Differential: RPM Transmissions upgrades stock differentials for cars mostly used on the street, using compressed carbon clutch packs in place of the stock bronze clutch packs, among other modifications. There are also a few aftermarket differentials that provide greater capacity than the stock diff, but when it comes to the quickest of the quick, the Quaife torque-biasing differential is the only option. Unlike other differentials, it does not incorporate clutch packs-it's strictly all gears inside, for maximum strength. Sets of floating helical gear pinions mesh to provide "normal" performance, but in the presence of wheel spin, torque bias is generated by the axial and radial thrusts of the pinions in their pockets. The friction forces that result and enables the diff to transmit a greater proportion of the torque to the appropriate wheel. According to Quaife, it's a progressive process and doesn't entirely lock the diff. It's not a cheap solution, but a bulletproof one.
Differential housing: C5 and C6 Corvettes have used a variety of differential housings, of different sizes and strengths. However, there are only two real choices for performance levels we're talking about in this story: C6 Z06 and ZR1, with the ZR1 offering the greatest strength. These housings are not only stronger than other Corvette models, they're large enough to swallow a greater diameter ring and pinion. The C5 housings are the smallest and weakest, and upgrading your C5 with the aforementioned Z06 or ZR1 housing means you'll also need to swap in the rear chassis cradle from a C6.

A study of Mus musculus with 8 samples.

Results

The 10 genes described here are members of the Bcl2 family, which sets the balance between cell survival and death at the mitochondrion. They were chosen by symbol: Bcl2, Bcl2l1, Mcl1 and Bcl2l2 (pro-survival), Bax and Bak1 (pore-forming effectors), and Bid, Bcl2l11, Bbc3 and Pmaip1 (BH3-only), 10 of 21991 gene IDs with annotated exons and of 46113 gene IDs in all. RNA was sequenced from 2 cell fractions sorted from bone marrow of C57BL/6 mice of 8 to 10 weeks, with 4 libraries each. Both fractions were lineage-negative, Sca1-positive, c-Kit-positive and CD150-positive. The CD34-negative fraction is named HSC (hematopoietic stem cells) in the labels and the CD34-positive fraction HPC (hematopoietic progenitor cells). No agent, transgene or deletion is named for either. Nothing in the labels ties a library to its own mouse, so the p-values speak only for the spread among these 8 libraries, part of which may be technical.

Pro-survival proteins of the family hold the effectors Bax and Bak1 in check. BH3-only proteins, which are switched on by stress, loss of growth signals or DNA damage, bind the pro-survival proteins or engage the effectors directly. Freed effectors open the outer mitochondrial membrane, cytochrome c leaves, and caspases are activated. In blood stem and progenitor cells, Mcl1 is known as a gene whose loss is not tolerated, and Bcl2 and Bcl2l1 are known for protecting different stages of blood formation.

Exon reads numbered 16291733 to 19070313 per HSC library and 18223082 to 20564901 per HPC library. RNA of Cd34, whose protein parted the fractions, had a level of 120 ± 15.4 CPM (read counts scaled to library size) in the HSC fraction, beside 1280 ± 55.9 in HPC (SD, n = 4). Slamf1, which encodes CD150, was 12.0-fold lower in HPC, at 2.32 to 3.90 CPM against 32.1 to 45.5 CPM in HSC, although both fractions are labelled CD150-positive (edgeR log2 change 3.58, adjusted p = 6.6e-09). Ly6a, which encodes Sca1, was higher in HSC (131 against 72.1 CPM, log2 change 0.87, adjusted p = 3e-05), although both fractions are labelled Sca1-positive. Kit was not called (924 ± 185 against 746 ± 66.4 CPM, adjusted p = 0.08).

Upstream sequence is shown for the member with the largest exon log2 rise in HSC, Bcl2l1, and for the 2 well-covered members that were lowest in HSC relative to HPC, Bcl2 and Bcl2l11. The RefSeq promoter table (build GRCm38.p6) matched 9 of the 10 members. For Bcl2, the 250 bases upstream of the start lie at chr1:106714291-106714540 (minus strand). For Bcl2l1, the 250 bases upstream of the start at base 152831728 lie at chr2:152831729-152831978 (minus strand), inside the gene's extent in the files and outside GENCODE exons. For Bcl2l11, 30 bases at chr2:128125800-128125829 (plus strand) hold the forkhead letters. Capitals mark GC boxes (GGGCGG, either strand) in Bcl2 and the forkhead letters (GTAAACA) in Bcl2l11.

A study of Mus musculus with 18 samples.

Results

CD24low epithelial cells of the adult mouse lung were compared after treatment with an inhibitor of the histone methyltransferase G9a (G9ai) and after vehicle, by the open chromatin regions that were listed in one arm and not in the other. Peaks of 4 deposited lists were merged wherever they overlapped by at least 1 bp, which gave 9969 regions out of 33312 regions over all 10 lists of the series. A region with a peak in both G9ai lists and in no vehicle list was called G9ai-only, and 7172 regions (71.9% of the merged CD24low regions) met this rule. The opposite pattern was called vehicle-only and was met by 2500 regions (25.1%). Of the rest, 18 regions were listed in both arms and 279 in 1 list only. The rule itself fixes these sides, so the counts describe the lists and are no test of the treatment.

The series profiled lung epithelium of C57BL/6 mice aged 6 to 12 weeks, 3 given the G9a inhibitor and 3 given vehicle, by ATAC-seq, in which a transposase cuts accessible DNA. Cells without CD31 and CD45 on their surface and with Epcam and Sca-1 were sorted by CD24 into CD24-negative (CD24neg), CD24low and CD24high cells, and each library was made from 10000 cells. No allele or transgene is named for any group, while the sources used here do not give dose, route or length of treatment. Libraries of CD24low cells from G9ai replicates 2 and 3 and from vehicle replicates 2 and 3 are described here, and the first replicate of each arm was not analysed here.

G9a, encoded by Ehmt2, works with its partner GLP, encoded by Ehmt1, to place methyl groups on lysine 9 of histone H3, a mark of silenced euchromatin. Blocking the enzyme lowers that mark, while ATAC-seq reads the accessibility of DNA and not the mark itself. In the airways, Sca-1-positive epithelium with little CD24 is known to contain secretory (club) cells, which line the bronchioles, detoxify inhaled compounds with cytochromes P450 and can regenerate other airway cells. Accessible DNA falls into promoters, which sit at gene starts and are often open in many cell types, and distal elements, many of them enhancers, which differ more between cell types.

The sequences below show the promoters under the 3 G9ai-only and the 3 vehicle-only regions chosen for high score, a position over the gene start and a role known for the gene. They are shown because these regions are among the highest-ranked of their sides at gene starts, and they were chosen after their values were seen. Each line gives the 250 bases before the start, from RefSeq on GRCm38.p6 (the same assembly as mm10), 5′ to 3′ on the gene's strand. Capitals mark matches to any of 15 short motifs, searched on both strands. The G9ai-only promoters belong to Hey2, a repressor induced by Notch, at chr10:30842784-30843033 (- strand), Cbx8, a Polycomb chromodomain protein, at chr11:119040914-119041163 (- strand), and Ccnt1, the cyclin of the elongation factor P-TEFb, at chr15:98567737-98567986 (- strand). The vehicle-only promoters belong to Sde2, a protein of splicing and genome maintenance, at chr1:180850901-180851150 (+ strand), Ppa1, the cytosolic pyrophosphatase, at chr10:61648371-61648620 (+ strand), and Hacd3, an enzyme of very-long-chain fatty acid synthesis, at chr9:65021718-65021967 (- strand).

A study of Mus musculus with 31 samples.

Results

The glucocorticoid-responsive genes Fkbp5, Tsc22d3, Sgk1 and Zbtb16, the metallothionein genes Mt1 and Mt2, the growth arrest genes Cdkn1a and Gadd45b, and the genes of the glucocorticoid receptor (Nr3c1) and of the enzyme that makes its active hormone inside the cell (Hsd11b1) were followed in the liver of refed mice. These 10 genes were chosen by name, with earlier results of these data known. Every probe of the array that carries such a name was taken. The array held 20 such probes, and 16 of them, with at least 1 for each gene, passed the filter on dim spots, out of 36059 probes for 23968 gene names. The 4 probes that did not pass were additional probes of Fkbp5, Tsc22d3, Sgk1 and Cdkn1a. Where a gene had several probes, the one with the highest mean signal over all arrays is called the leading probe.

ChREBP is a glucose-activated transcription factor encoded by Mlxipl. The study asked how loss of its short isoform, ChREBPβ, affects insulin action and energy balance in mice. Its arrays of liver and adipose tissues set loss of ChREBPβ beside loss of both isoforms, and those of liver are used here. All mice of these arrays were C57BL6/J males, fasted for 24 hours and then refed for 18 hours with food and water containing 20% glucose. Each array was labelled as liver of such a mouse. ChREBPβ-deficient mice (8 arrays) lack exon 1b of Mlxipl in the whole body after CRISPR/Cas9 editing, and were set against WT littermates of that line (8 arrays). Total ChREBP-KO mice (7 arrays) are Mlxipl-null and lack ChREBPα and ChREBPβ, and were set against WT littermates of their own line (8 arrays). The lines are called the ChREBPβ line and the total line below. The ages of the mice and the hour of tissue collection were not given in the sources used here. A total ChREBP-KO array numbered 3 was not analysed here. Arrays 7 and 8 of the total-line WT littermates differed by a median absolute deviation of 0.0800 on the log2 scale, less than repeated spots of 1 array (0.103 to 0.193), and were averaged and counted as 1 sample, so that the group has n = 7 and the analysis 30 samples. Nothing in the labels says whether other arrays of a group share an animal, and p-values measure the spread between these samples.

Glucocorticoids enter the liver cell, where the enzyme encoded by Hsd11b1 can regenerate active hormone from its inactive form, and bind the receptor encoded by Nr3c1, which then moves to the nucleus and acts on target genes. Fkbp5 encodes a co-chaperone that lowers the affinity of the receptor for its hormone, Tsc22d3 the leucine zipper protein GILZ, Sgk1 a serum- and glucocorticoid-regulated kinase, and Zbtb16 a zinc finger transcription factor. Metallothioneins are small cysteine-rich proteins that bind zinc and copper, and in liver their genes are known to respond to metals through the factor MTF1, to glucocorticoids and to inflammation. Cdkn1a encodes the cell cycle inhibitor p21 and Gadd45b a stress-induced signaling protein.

Output shafts, CV shafts, etc.: We're getting near the literal and figurative end of the drivetrain here, with the parts that convey torque most directly to the wheels. The output shafts from the differential need to be as strong as possible. Replacing the stock shafts goes without saying, but aftermarket shafts are not created equally. RPM Transmissions has had the best luck with shafts created in conjunction with The Drive Shaft Shop. They're stronger than 300M steel, with rolled splines that maximize their strength. After that, stronger CV shafts are needed and even stronger wheel studs. A pair of output shafts will run about $550, but the CV shafts are considerably more expensive. The Drive Shaft Shop's shafts run about $2,295 a pair. Again, not cheap, but that's the price of going fast.
There you have it-the basics of making an IRS-equipped Corvette deliver consistent and safe 8-second performance. And as Massengale mentioned at the beginning of our story, suspension factors must be matched with the stronger drivetrain parts, because they will all be wasted on the starting line if wheel-hop cannot be overcome. "It's amazing the numbers these Corvettes are running with an IRS," said Massengale. "You might be surprised by how little drivetrain breakage there is, but we've worked really hard over the years to find what works. If you can put the power to the ground without shaking the wheels off, the parts are available to make an IRS car run just about as quick as you want."
We'll be looking for 7s this season.